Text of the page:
As the recession enters its sixth year every trick has been tried as the economy skitters off a cliff.
We have tried stimulus and austerity; we have tinkered with tax incentives and quantitative easing 1, 2 and soon-to-be-announced QE3. We have reduced payroll taxes and lowered mortgage rates to historic lows – and yet the economy refuses to soar, lying there like the soft deflated balloon it has become.
Policy-makers, politicians, and economists bicker about what type of extreme action is necessary to raise our flagging fortunes.
This is not the first time that the economy has had a crisis. Modern capitalism has suffered panics, bubbles and crashes repeatedly and often. Part of its genius is that it will brutally reallocate resources from less productive endeavors, cure oversupplies, and staunch irrational exuberance, when allowed.
That is the problem. The government and the politicians have developed a policy that, once adopted, has drained our economy of its dynamism, and perverted it to a system akin to an old Soviet style 10-year plan.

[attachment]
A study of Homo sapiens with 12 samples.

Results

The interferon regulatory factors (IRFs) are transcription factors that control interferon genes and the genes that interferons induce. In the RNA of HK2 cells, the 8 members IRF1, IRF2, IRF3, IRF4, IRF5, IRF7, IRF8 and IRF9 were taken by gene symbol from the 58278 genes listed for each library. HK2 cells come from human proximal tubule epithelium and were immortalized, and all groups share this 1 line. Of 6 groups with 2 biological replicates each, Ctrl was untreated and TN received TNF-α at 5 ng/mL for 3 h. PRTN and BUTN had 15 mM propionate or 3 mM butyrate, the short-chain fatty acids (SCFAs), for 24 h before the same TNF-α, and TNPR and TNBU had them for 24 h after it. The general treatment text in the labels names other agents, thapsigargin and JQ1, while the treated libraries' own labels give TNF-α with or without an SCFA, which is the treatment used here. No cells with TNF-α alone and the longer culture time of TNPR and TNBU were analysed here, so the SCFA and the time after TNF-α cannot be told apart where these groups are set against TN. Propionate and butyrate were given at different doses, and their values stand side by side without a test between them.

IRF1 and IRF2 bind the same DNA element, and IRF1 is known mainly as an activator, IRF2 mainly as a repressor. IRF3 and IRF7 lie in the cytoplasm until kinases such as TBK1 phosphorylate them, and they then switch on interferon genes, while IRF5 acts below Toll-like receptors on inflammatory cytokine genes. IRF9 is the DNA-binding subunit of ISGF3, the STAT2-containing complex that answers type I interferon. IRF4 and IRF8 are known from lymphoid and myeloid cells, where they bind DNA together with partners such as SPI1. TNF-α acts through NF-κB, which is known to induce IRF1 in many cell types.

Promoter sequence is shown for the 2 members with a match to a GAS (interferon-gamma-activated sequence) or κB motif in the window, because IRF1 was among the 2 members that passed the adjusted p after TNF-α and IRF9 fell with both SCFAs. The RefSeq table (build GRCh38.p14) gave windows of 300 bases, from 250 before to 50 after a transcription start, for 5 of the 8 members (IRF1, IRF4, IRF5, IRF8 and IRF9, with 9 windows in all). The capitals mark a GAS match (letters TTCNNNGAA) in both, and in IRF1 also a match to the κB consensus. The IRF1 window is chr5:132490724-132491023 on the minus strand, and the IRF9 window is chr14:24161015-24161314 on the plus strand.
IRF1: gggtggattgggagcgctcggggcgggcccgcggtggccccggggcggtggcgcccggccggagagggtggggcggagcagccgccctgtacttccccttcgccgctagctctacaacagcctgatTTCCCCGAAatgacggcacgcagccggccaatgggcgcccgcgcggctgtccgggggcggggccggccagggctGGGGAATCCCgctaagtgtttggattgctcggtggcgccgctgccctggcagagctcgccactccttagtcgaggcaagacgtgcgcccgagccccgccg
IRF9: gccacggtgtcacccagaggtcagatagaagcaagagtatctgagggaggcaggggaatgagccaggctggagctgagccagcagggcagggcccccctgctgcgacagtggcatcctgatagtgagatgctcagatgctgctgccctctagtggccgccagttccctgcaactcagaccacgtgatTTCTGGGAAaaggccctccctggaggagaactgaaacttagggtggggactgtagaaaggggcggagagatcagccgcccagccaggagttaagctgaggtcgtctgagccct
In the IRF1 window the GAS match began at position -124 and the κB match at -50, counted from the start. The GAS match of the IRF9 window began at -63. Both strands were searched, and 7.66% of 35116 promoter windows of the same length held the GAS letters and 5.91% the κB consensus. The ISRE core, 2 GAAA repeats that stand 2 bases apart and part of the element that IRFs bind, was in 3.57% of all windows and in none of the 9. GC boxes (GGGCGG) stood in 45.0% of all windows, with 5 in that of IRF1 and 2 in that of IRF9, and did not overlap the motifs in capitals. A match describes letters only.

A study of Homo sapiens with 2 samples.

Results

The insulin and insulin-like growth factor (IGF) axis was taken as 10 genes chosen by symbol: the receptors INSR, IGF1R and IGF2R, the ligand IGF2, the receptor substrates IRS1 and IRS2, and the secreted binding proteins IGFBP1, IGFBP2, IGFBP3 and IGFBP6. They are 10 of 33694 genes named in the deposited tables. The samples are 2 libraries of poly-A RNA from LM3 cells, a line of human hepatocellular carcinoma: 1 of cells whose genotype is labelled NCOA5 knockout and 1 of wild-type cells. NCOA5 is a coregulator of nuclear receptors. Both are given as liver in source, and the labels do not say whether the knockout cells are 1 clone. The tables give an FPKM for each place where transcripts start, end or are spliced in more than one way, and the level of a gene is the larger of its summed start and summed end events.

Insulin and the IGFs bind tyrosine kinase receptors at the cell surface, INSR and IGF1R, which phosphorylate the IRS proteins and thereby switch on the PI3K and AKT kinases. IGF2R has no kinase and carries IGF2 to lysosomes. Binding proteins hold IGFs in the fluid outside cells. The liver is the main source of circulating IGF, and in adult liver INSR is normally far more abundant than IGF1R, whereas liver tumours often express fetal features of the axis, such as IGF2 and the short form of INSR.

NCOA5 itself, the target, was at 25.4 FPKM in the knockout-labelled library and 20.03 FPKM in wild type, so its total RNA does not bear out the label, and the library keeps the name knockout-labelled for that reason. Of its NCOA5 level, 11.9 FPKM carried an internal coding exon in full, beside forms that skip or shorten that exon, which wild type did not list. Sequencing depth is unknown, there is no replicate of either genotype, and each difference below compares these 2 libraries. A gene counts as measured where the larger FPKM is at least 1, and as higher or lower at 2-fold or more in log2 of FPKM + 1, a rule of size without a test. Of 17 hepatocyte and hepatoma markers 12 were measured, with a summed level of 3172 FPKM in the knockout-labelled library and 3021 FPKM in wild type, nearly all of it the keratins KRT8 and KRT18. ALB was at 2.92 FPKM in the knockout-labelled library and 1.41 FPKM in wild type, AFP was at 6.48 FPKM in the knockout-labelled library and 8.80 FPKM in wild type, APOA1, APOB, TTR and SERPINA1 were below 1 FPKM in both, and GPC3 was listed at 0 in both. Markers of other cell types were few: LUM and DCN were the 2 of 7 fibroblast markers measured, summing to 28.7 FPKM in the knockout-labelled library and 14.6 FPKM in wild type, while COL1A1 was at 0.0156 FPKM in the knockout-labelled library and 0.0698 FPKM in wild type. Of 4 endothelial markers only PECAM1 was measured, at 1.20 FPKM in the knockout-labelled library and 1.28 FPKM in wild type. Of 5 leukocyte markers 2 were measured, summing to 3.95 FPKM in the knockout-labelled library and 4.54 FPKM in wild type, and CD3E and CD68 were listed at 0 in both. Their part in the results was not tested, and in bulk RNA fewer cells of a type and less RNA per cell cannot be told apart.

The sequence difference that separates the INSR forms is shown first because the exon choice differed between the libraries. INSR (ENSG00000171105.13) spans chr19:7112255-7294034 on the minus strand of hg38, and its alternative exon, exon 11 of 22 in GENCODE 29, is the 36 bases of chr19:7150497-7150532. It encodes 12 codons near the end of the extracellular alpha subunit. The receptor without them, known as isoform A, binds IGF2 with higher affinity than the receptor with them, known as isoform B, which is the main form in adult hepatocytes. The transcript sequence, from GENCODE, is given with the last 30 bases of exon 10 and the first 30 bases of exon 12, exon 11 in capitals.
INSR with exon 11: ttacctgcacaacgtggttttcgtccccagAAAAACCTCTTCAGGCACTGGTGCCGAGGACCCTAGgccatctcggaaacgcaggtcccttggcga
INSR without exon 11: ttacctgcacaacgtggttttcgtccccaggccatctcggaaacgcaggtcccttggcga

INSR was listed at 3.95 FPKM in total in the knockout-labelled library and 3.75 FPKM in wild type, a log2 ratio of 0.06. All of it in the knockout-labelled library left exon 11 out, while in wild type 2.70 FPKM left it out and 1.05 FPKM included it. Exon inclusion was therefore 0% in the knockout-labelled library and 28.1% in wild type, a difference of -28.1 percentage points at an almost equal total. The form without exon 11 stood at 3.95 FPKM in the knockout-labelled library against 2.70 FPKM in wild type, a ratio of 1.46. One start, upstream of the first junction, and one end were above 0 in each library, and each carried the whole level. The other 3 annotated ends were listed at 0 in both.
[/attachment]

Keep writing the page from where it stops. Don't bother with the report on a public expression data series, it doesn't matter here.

Every policy and plan developed over the past six years has been developed to stop the economy from crashing once its foundation has been removed. The government calls it “too big to fail.”
“Too big to fail” is nothing short of the government indirectly seizing control over the economy. The companies it helps with our tax dollars are free to spend our money as they see fit, with no concern for risk or profitability. If they win, the stockholders make money; if they lose, we get the bill. It’s a bigger version of the old “Heads they win; tails we lose.”
Worse than that, the government now gets to pick the winners and losers. Goldman Saks gets a $10 billion loan; Lehman Brothers, who didn’t kiss the ring of the powers-that-be, gets the boot. Bank of America gets the President of The United States of America trotting out Warren Buffet to extoll the virtues of its stock, while WAMU is given to JP Morgan Chase in a sweetheart deal with the government.
The economic malaise will continue until failing banks are closed instead of being bailed out, until stockholders are forced to bear the loss of poor risk management, and until the government’s power to pick winners and losers is rescinded.
As a side note, don’t believe the panic mongers who will tell you it can’t be done. In fact, it was done in the last banking crisis; the resolution trust was created, failing banks were seized, assets were sold to healthy banks, and no performing loans were worked out – just as it’s always been.
“Too big to fail” means too insolvent to prosper and too connected to care.